Warp tool

💻 Shortcut: W

🥽 Quick swap: Elastic tool

Use the Warp tool to drag, twist, and stretch clay. The Warp tool is helpful both when blocking out to create base forms and shapes, and for making small adjustments later in the creative process.

The Warp tool is particularly powerful in VR due to the 6 degrees of freedom (6dof) afforded by VR controllers. However desktop controls often allow more precise control, so whether you use the Warp tool on desktop or in VR depends on your particular needs.


Turn Single mode off with the Warp tool to make the Warp tool behave like a snake hook. With Single mode off, the Warp tool allows you to distort the surface of clay, or drag away from a surface to create tendrils. 

Warp tool parameters

Brush Shape

Select the base shape for the brush

The Warp tool currently only has three brush shapes available - sphere, cube, and capsule. These do not currently have individual parameters available.


Modify the size of the brush

Increase or decrease the size of the brush. Very large brush sizes may cause a delay between adding clay and the clay appearing.

Adjust falloff of the warp effect

Hardness determines how much the strength of the brush falls off near the edge of the brush. A low hardness value means that the edge of the warped area will connect more smoothly with the rest of your clay.

Control the amplitude of Warp tool strokes Strength modifies the impact of the Warp tool. A low strength value can be useful for finer control, while a high strength value causes clay to follow the cursor more closely.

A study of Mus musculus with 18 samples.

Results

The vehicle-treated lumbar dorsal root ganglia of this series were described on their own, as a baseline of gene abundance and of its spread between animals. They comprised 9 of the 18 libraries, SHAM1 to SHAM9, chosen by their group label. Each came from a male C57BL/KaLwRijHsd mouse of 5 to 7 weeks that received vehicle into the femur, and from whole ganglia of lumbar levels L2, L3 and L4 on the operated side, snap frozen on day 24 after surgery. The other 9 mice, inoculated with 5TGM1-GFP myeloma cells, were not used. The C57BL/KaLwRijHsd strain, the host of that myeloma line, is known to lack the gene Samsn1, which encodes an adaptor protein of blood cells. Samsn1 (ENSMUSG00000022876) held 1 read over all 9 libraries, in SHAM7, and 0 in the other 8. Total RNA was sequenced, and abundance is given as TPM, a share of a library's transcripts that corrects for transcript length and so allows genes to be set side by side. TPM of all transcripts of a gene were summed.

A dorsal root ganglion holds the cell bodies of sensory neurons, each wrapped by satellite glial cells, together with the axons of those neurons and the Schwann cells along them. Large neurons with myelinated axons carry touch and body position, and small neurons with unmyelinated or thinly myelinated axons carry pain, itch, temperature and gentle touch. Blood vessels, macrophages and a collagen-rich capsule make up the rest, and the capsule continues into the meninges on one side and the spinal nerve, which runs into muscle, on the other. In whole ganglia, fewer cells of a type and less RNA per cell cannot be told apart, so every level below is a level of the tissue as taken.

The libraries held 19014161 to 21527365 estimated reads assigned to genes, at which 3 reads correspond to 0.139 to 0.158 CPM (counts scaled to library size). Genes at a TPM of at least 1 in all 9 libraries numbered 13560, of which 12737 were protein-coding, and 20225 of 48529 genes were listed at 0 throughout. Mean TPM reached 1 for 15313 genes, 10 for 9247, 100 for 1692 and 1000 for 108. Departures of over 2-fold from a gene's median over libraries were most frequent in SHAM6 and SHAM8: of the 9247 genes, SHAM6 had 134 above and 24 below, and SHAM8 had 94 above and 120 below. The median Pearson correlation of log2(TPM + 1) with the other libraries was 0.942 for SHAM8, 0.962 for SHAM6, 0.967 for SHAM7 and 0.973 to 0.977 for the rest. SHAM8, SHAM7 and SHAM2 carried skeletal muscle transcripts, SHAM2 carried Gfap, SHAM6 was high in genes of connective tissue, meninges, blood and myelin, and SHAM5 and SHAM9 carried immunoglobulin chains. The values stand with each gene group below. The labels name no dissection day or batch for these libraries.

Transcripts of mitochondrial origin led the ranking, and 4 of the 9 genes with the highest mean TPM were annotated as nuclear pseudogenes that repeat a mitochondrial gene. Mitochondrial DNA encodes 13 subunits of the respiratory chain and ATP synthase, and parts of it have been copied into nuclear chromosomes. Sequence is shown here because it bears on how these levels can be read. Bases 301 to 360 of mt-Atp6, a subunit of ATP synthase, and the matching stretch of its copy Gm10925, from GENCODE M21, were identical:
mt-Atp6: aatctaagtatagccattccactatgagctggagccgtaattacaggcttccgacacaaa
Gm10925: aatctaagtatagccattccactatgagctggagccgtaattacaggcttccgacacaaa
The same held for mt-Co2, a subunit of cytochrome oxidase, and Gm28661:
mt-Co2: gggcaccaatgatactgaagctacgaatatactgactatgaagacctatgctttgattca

Falloff curve

Change the behavior of the Warp tool.

The falloff curve determines how the Warp tool affects the clay, so different falloff curves can produce very different results with the same movement. 

  • Smooth step: A smooth transition from the center of the brush towards it's edge, but with a noticeable step at the edge.
  • Smooth: A fully smooth transition with no noticeable stepping.
  • Smooth out: The warp effect maintains it's strength towards the edge of the brush, but is still otherwise smooth.
  • Sharp: The warp effect is strongest at the exact center of the brush and then falls away sharply to create a point.
  • Linear: The warp effect falls off constantly from it's maximum at the center of the brush to having no effect at the edge of the brush. Tis also creates a point, but with a noticeable step at the edge of the warped surface.
Toggle between Single and Continuous modes With Single mode turned off, the Warp tool applies continuously as you move the brush. With Single mode off, the Warp tool behaves like a snake hook, allowing you to create organic tendrils and distortions in clay. 

The image below shows the various Falloff curves on desktop and how they behave with the sphere, cube, and capsule brushes.

This example is purely to illustrate the basic differences between the curves, and only shows the results of a simple extrusion along a single axis. By extruding on multiple axes, rotating, and scaling, very different effects can be achieved.